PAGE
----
Bright: ‘I won’t support healthcare plan as it is’
Congressman Bobby Bright spent a full day in Crenshaw County Monday as he traveled from Petrey to Luverne, to Glenwood and Rutledge. Bright first stopped at Petrey Town Hall Monday morning before traveling to First Citizens Bank in Luverne to hold a “meet and greet” with citizens there.
Bright also presented First Citizens Bank President William Petrey with a certificate of recognition as one of the top 400 banks in America.
Bright was the guest speaker at the Luverne Rotary Club’s weekly luncheon. Several other guests were in attendance, including Senator Wendell Mitchell.
Assistant D.A. Levi Nichols introduced Bright to the Rotary Club.
“I was told a long time ago that you had to pick a party—either Republican or Democrat,” Nichols said. “But that’s just not true today—Congressman Bright has already started to turn that mode of thinking…He’s out there and he’s accessible to the people.”
Bright agreed with Nichols on the subject of partisan politics.
“One of the most disappointing things in Washington, D.C., right now is the partisan politics,” Bright said. “Extremists create most of the turmoil—you’d think they’re speaking for our country, but they’re not.”
Bright, who said that he believed President Obama “wants the best for this country,” won’t support the healthcare plan before Congress as it is now.
“There are five plans right now begin debated,” he said. “I think they’re too radical and too large—we need to take one portion at a time.”
The United States has the best healthcare in the world, Bright said, but it is three times more expensive than the next industrialized nation closest to us. Sixty-one percent of Americans have health insurance with small businesses, Bright said, but if Congress adopted one of four of the proposed healthcare plans, it would add a big burden to the small businesses.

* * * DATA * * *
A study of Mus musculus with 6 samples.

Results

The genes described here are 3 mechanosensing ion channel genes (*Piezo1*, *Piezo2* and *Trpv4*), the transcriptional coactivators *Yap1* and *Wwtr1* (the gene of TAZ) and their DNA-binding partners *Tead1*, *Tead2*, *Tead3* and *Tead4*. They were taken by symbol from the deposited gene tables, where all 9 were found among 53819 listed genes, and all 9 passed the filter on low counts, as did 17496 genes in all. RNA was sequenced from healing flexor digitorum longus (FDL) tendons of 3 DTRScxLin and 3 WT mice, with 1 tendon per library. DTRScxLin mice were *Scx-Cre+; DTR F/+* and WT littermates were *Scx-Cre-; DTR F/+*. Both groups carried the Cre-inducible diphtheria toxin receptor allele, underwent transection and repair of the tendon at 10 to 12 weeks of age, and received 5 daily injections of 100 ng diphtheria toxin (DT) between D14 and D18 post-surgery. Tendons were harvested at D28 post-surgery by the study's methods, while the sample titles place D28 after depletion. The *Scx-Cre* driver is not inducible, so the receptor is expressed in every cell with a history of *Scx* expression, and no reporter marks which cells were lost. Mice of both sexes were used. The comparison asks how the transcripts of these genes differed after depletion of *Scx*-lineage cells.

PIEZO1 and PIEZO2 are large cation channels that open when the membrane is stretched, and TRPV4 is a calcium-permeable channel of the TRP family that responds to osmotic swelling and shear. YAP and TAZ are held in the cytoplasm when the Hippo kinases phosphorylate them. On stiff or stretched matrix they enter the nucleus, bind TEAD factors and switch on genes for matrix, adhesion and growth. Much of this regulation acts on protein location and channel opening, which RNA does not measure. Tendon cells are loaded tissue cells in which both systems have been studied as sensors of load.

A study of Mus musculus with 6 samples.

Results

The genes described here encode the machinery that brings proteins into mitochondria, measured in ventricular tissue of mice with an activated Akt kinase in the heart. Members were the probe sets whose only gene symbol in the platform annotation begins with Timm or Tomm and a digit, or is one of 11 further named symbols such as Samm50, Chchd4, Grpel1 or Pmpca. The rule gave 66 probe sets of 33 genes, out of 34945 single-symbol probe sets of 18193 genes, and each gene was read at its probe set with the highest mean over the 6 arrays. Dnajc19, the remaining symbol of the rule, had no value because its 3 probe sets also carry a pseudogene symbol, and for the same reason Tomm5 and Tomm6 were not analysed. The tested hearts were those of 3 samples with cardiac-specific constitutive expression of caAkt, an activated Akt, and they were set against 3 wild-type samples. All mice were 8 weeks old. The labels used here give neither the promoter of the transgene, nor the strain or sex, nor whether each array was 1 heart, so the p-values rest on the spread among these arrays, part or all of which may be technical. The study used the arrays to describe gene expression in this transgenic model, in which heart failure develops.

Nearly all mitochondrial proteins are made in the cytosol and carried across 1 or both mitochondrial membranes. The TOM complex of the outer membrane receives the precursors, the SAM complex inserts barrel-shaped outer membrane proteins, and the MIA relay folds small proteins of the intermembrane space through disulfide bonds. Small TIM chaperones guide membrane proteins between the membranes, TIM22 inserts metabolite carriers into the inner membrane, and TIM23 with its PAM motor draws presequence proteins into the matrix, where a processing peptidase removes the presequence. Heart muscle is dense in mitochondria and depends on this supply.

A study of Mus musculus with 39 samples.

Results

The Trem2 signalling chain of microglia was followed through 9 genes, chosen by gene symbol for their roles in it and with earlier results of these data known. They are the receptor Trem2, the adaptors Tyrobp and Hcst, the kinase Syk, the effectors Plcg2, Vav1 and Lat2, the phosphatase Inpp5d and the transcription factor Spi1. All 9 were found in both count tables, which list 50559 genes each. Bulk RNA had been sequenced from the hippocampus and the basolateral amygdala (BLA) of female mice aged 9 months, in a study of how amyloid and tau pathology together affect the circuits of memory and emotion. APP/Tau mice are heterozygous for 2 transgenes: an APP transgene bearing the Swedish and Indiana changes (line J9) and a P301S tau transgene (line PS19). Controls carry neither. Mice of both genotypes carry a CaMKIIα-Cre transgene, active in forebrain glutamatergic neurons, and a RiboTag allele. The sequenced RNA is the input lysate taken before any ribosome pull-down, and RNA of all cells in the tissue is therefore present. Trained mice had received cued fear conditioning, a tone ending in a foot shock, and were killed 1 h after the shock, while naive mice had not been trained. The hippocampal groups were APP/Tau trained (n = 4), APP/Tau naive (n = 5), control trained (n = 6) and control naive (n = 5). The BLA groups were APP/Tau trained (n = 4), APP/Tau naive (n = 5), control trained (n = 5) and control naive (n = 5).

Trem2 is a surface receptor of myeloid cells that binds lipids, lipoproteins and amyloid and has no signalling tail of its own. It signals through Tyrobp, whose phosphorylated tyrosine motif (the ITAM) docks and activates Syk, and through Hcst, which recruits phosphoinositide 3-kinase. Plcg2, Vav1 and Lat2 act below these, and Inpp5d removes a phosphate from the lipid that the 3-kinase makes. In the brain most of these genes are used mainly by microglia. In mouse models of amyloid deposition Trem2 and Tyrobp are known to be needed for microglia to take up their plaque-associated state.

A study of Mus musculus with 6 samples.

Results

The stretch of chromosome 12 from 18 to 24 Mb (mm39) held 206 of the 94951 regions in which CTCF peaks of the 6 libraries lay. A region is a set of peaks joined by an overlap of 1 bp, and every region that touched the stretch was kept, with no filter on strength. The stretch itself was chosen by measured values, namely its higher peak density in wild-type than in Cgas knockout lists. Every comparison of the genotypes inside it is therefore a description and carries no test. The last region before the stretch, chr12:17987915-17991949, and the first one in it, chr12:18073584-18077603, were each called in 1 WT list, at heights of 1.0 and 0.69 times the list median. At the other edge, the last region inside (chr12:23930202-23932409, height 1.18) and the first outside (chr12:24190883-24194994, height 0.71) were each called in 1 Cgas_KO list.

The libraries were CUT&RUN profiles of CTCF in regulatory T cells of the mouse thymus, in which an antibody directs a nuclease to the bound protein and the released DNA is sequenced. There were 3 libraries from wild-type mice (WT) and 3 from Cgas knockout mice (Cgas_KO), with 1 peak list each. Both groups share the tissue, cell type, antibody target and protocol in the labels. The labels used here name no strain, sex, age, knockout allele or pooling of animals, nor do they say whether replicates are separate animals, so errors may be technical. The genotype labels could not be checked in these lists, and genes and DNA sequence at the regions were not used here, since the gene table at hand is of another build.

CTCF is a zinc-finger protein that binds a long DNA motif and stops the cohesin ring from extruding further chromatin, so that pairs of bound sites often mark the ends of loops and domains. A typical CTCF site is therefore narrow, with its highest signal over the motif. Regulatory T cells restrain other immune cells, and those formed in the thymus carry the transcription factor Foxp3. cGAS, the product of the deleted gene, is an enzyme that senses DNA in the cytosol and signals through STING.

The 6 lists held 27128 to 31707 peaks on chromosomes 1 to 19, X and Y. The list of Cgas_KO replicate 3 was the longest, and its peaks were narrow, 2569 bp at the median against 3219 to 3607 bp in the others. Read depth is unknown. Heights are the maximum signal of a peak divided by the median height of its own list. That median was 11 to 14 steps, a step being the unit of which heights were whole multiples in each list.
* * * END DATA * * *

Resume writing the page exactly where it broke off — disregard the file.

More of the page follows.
“We need a plan, but we need to take our time,” he said. “The ‘blue dogs’ stood up and said it was going too fast—I believe our leadership wanted it done fast to get it through, but we held our ground—but I won’t support the plan that’s now coming out of the House.”
Bright said he had received thousands of calls from citizens, and 95-98 percent of them are against the healthcare plan in its present form.
“I’m not sure they’re going to come up with a plan I can support,” he said. “Either way, it’s going to be expensive.”
When asked whether he was a ‘blue dog Democrat’, Bright said he was “an American first.”
“I’m not a blue dog or a red dog Democrat,” he said.
When it came to President Obama’s stimulus package, Bright said that it has given many Americans a “false security.”
“It’ll be gone in about a year and a half,” he said. “We’re only about a third of the way through the stimulus money because we didn’t get it out in 90 days to begin with, but it takes time for the government to put things in motion.”